Second Union

Second Union

Red Dead Redemption 2 PC First Impressions

Releasing to critical acclaim last year and going on to win a handful of Game of the Year Awards (including my own), Red Dead Redemption 2 has made tidal waves across the gaming place, elevated as a title that truly needs no introduction. I, like the legions of fans for Rockstar’s Western epic, was then simply ecstatic once Rockstar Games officially confirmed that Red Dead Redemption 2 would hit PC on November 5th. The possibilities of such a port seemed limitless in my mind. True 4K resolution at 60 frames per second or beyond offered such an exciting proposition that my pre-order via the newly announced Rockstar Launcher was placed in hours after the announcement. After spending nearly six hours with the port over the past few days, I can confidently affirm that the Red Dead Redemption 2 PC release is nothing short of breathtaking when it works as intended, delivering magnificent spectacle and smooth action at every turn.

However, thanks to a myriad of issues encountered within the opening hours, I can’t in good conscience recommend that anyone purchase the port in its current state. It reeks as a rushed project, clearly designed as an effort to milk the global phenomenon for a brand-new audience. From multiple hard crashes to numerous glitches to frustrating nitpicks, the issues with the port have amounted to something incredibly disappointing, especially since Rockstar had over a year to smooth out any rough edges from the original version for the PC platform. It may not now be the unprecedented disaster its first hours of launch suggested thanks to multiple patches Rockstar quickly pushed out, but it does bring back the eerie, haunting memories of the 2015 Batman: Arkham Knight PC release.

The flaws with this rendition of the award-winning masterpiece are unfortunately numerous, having stretched into countless threads already on Reddit. Many of the most pressing issues, including crashes and failure to even open the game, have been resolved with a Day One patch and successive updates, but issues are still everywhere, resting mostly in the graphical settings menu. Running the benchmark proved to be an absolute pain, returning to the main menu even when the game has clearly registered the command to enter and run the benchmark. Changing key settings like texture quality required a hard restart, making the act of changing in-game settings a nightmare. However, it was adjusting the resolution for performance and quality that proved to be my biggest gripe overall. When playing on a gaming laptop, the software refused to have a resolution other than the already set screen resolution. That meant I had to change the default screen resolution within my settings in order to ensure that Red Dead on PC would actually change to that resolution. It’s an infuriating and tedious process, one that simply isn’t sustainable, a statement that goes doubly true for almost every other issue in the release.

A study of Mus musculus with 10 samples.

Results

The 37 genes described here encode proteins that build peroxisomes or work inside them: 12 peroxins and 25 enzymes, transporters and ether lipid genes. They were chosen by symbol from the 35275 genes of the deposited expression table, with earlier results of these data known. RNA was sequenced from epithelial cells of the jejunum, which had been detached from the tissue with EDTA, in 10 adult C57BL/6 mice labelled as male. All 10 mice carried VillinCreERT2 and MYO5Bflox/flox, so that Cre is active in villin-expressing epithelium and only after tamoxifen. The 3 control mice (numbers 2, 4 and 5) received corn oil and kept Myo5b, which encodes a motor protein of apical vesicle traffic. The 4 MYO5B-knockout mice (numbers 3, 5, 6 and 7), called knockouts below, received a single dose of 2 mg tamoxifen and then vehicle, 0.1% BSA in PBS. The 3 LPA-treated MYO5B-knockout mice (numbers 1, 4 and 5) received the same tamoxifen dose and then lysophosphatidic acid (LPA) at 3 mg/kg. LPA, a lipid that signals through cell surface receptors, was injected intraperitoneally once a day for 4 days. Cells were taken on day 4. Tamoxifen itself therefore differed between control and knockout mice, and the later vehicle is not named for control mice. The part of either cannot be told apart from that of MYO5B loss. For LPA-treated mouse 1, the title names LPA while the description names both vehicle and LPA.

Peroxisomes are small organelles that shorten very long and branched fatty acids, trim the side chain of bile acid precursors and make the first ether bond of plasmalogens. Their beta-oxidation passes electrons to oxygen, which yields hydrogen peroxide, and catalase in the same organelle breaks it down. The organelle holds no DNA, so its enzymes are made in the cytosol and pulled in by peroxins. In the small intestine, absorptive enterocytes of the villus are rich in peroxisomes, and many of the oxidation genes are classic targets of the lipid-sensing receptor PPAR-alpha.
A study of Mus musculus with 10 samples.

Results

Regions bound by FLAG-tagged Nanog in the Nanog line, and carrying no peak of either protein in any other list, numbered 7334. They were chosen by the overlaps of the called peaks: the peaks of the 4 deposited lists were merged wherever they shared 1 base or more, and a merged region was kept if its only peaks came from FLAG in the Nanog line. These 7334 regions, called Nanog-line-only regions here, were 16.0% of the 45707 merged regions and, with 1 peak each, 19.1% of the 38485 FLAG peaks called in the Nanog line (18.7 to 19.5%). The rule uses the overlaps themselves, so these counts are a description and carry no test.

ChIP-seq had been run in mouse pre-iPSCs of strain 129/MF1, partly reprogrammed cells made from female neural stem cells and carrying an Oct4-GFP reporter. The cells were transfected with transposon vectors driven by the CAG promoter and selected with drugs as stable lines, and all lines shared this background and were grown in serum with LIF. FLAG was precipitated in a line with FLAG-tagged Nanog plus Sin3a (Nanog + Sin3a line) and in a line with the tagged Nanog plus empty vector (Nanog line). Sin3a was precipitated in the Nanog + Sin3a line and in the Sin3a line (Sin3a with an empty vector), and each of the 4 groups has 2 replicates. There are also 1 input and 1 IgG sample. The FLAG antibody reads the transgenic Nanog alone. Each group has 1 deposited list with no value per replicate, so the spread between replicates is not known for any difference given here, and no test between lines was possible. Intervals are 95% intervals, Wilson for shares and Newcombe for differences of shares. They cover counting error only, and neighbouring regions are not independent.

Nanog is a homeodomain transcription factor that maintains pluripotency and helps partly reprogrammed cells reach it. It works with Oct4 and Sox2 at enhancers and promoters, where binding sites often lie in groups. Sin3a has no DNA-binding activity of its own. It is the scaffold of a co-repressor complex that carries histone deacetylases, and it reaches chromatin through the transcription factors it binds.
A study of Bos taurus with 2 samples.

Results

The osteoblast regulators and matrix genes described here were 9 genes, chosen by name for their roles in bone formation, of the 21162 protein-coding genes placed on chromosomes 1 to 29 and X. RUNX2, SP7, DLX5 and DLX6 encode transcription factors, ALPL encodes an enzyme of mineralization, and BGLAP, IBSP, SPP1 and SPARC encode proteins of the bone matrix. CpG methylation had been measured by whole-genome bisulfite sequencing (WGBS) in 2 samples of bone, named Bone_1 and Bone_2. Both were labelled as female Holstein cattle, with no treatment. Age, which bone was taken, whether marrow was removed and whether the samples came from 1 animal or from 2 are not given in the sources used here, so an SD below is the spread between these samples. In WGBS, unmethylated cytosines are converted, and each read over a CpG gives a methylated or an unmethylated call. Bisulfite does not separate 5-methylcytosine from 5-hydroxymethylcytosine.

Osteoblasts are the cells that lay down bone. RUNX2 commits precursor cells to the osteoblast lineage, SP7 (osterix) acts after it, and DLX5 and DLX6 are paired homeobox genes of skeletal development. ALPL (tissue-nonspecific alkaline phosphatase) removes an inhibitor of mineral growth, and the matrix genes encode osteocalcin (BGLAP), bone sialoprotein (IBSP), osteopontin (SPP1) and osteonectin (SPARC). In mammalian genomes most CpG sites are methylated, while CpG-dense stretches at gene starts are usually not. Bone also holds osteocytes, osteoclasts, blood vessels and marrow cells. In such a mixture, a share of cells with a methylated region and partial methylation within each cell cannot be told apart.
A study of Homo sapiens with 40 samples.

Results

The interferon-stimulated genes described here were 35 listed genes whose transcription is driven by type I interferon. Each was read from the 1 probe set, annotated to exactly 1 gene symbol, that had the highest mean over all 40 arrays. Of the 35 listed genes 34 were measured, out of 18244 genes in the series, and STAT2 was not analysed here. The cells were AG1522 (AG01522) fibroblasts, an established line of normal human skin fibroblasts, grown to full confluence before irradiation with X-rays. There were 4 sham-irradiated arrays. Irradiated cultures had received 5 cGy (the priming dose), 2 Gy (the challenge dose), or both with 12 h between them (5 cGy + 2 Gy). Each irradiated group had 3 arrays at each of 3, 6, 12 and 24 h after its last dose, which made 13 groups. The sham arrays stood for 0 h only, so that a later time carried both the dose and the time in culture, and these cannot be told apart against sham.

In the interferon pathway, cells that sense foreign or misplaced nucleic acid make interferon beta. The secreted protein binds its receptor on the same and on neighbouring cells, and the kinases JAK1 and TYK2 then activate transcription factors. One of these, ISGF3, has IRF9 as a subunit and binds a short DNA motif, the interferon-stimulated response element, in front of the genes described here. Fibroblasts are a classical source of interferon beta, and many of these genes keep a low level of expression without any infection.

Whilst there is a technical mess squirming on the outside, there’s also undeniably a silver lining for PC players who can get the game running. The rendered images are, as expected, absolutely beautiful even at the lower settings which many setups might have to fall back on in order to achieve optimal performance. Indeed, the fact that even the RTX 2080 TI can’t run the game at its ultra-settings in 4K at 60 FPS should be a testament to how much of a beast the game is visually. When compared to the original 2018 console release, there may not be a clearly noticeable difference, but it’s underscored by a host of new content that this package exclusively contains. From new single-player missions to a wealth of content in Red Dead Online, once the technical faults are resolved, this version of Red Dead Redemption 2 will surely be the most favored one, presented as the most definitive experience of the game on the market. Only a handful of pieces from the new content actually make a lasting impact, with the single-player additions coming off as a half-hearted effort, but their inclusion is still appreciated.

In conclusion, my first hours of gameplay with the PC rendition of Red Dead Redemption 2 have been a frustrating and fantastic roller coaster. There’s so much wrong with the port, from confusing UI menus to a weak optimization, but the quality of the original product can’t be denied, serving as a fantastic testament as to why Red Dead Redemption 2 is not only one of the best games of the generation, but quite possibly the game of the generation. Once the issues are resolved, I’m confident other members in the PC community will give it a go, but until then, the PC port of Red Dead Redemption 2 may be one to stick far away from.